The Medical and Dental Consultants Association of Nigeria, MDCAN, Usmanu Danfodio University Teaching Hospital, UDUTH, Sokoto Chapter, has justified the action of members not to join the eight month strike embarked by the Academic Staff Union of Universities, ASUU, saying its decision to continue with academic activities during the strike was to save the nation’s healthcare from total collapse.
The Medical lecturers said that already Nigeria is facing the worst brain drain in her history and currently with a ratio of doctor to patient 1:10,000 as against the recommended 1:600, adding that any disruption of medical training will further worsen the already acute shortage of medical doctors within the West African sub-region.
Reacting to the statement by the ASUU Chapter of the Usmanu Danfodio University Sokoto, UDUS, accusing the Minister of Labour and Employment, Senator Chris Ngige of attempt to polarise and sectionalise the union through selective and bias payment of salary to selected professional medical members, MDCAN said the university administration officially confirmed that the medical lecturers performed their academic duties during the strike period which was communicated to the minister in writing.
The medical lecturers in a statement on Friday signed by Dr. B. Jibrin, and Dr. I. G. Ango, Chairman and Secretary respectively contended that the few doctors that still remain in the country are experiencing the worst burnout in recent history.
They argued that when ASUU embarked on a strike on 14th February 2022 when students were in session, medical students in UDUS were in the final stages of their postings and being prepared for their examinations.
“These postings were briefly disrupted but due to the University’s understanding of the peculiarities of medical education and practice and the belief by medical lecturers that this critical sector cannot withstand these disruptions; the CHS was encouraged to proceed with outstanding postings which culminated in the conduct of examinations for students, including the final year students,” they said.
The statement read in part: “The MDCAN UDUTH chapter. has noted once again with dismay the recent press statement issued out by the ASUU-UDUS Branch on Wednesday 2nd of November 2022 calling to question the integrity of the Honourable Minister of Labour and Employment, Dr. (Sen) Chris Ngige, the Vice Chancellor of UDUS and the Provost of the College of Health Sciences, UDUS in carrying out their lawful duties.
“It has become necessary to set the records straight for the benefit of the general public, to protect the validity of the degrees of our students and for posterity. We strenuously dissociate ourselves from the said statement and hereby wish to state the facts as they are.
“The ASUU embarked on a strike on 14th February 2022 whilst students were in session. Medical students in UDUS were in the final stages of their postings and being prepared for their examinations.
“These postings were briefly disrupted but due to the University’s understanding of the peculiarities of medical education and practice and the belief by medical lecturers that this critical sector cannot withstand these disruptions; the CHS was encouraged to proceed with outstanding postings which culminated in the conduct of examinations for students, including the final year students.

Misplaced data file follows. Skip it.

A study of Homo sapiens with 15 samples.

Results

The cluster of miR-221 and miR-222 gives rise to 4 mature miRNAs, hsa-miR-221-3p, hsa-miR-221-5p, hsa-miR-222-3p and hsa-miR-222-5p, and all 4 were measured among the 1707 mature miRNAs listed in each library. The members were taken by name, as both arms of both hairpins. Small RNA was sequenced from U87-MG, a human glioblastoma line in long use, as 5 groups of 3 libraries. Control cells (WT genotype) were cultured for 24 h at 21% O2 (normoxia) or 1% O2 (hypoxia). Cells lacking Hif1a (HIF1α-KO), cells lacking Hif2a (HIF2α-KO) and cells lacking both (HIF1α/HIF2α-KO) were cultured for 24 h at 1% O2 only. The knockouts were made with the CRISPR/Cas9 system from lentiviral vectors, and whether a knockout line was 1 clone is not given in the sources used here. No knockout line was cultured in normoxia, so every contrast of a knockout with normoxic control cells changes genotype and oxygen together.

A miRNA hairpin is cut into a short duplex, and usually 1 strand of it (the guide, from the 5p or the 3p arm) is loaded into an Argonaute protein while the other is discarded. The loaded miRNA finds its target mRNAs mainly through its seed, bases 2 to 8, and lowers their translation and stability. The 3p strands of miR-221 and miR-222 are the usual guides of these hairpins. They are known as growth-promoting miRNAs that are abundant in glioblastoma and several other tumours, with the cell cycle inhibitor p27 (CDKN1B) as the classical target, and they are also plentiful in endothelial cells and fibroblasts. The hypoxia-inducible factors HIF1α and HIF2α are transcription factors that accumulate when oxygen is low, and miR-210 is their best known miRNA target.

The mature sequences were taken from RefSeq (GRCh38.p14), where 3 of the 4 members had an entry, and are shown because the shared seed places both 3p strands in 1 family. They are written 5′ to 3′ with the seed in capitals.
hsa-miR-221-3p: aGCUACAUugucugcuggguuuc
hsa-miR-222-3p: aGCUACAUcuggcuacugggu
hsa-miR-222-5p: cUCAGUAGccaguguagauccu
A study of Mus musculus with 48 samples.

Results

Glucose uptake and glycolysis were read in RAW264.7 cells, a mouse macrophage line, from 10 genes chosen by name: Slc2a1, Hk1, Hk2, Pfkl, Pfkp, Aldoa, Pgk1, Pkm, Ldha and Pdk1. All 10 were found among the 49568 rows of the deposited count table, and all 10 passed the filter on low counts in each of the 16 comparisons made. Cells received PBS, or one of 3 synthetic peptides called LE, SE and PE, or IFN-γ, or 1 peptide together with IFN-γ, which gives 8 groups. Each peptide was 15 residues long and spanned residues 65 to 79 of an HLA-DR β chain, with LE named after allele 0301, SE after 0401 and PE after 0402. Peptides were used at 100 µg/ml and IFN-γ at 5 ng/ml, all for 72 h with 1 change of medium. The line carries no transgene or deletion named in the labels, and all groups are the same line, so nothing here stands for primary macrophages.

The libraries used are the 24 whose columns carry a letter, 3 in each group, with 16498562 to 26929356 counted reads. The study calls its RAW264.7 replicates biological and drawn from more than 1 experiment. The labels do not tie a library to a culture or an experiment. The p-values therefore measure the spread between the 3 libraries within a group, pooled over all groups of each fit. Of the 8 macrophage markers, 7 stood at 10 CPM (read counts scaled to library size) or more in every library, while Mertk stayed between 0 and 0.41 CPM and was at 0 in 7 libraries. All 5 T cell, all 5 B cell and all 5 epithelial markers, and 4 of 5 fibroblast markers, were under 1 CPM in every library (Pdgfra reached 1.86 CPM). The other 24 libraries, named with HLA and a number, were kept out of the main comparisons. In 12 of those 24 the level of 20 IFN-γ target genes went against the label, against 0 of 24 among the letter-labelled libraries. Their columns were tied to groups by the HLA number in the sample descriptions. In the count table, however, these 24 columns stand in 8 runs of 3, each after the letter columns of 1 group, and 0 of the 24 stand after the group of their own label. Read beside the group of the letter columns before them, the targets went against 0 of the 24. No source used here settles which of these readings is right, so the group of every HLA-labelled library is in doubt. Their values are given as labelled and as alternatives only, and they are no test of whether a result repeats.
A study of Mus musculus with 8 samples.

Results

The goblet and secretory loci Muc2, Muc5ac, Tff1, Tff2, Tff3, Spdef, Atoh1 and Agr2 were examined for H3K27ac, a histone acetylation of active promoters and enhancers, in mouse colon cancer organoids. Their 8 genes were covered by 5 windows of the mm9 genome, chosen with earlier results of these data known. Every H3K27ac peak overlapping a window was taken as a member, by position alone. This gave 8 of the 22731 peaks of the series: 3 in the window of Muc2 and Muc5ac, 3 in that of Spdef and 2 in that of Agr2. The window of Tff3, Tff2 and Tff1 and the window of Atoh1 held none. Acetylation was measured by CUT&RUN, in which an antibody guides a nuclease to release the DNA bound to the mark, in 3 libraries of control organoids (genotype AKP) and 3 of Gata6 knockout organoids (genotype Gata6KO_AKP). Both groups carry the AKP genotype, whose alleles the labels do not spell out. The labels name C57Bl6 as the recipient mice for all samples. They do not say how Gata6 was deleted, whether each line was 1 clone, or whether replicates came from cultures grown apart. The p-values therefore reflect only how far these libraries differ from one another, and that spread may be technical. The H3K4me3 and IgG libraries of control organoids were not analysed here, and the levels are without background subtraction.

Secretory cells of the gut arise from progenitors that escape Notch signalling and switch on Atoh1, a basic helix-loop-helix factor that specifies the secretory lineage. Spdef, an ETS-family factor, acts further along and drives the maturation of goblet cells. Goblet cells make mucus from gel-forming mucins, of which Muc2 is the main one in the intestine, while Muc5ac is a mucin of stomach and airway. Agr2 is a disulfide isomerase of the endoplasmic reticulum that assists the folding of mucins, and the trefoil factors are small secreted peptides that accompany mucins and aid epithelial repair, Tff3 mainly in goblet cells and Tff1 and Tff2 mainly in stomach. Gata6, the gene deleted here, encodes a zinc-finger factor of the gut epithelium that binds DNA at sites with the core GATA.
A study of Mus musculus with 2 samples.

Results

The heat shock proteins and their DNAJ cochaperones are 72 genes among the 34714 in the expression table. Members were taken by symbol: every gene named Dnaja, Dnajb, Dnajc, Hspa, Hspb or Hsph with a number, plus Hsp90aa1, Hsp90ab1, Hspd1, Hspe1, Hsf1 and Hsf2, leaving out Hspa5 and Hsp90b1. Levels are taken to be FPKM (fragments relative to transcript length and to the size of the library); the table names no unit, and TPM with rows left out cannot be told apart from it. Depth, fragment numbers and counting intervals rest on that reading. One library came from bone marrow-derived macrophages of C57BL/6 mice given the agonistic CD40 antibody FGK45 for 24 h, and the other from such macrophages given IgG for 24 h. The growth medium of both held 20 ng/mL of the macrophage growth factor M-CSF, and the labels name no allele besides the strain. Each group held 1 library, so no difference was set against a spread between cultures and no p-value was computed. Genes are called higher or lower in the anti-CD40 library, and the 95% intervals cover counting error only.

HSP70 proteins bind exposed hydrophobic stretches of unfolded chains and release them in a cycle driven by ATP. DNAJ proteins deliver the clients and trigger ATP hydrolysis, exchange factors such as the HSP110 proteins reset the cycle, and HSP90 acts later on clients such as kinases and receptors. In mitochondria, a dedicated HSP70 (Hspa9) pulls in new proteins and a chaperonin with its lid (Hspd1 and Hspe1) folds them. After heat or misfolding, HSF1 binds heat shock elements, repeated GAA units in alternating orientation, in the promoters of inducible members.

“The Honorable Minister Labour, Employment and Productivity alluded to this in a press briefing he gave on 14th of July 2022 and ASUU-UDUS Branch contradicted the Minister despite being fully aware of the conduct of these examinations.
“The MDCAN had to clarify the true position of things to the Minister that the postings and examinations of the students took place.
“The University administration went further to officially confirm that the medical lecturers indeed performed their academic duties, and this was communicated to the Minister in writing.
“The Chairman MDCAN UDUTH Sokoto has not, either privately or publicly denied the fact that the postings and examinations for the students were conducted by the medical lecturers.
“The ASUU-UDUS Branch Chairman is aware of all of the above. We are all aware that Nigeria is facing the worst brain drain in her history. Nigeria today has a ratio of doctor to patient 1:10,000 as against the recommended 1:600. The few doctors left are experiencing the worst burnout in recent history. The College of Health Sciences, UDUS is the only fully accredited institution for training medical doctors in the former Sokoto State comprising of Sokoto, Kebbi and Zamfara States.
“Any disruption of medical training will further worsen the already acute shortage of medical doctors within the sub-region.
“Realizing this emergency situation in the sub-region worsened by emerging public health threats, the medical lecturers in UDUS decided to continue the academic activities during the ASUU strike to save our health care from total collapse.
“To this end the UDUS medical lecturers agreed to conduct lectures and examinations during the period of the strike. In line with the provisions of the labour act we wrote and sought the intervention of the Minister of Labour, Employment and Productivity to ensure payment of our salaries.
“The Minister having carefully reviewed our submission and that of the University Management, obliged. This is not an act of favoritism as alleged by the ASUU UDUS branch leadership in their press statement.
“The ASUU UDUS branch, as an association, is expected to protect the interest of all her members and appreciate the differences or peculiarities of medical education.
“The ASUU can legitimately fight for its lawful rights without trampling on the rights of others. The MDCAN is often compelled to step in to protect the rights of her members who are also University staff. We hope this response has put the issues in their proper perspective.”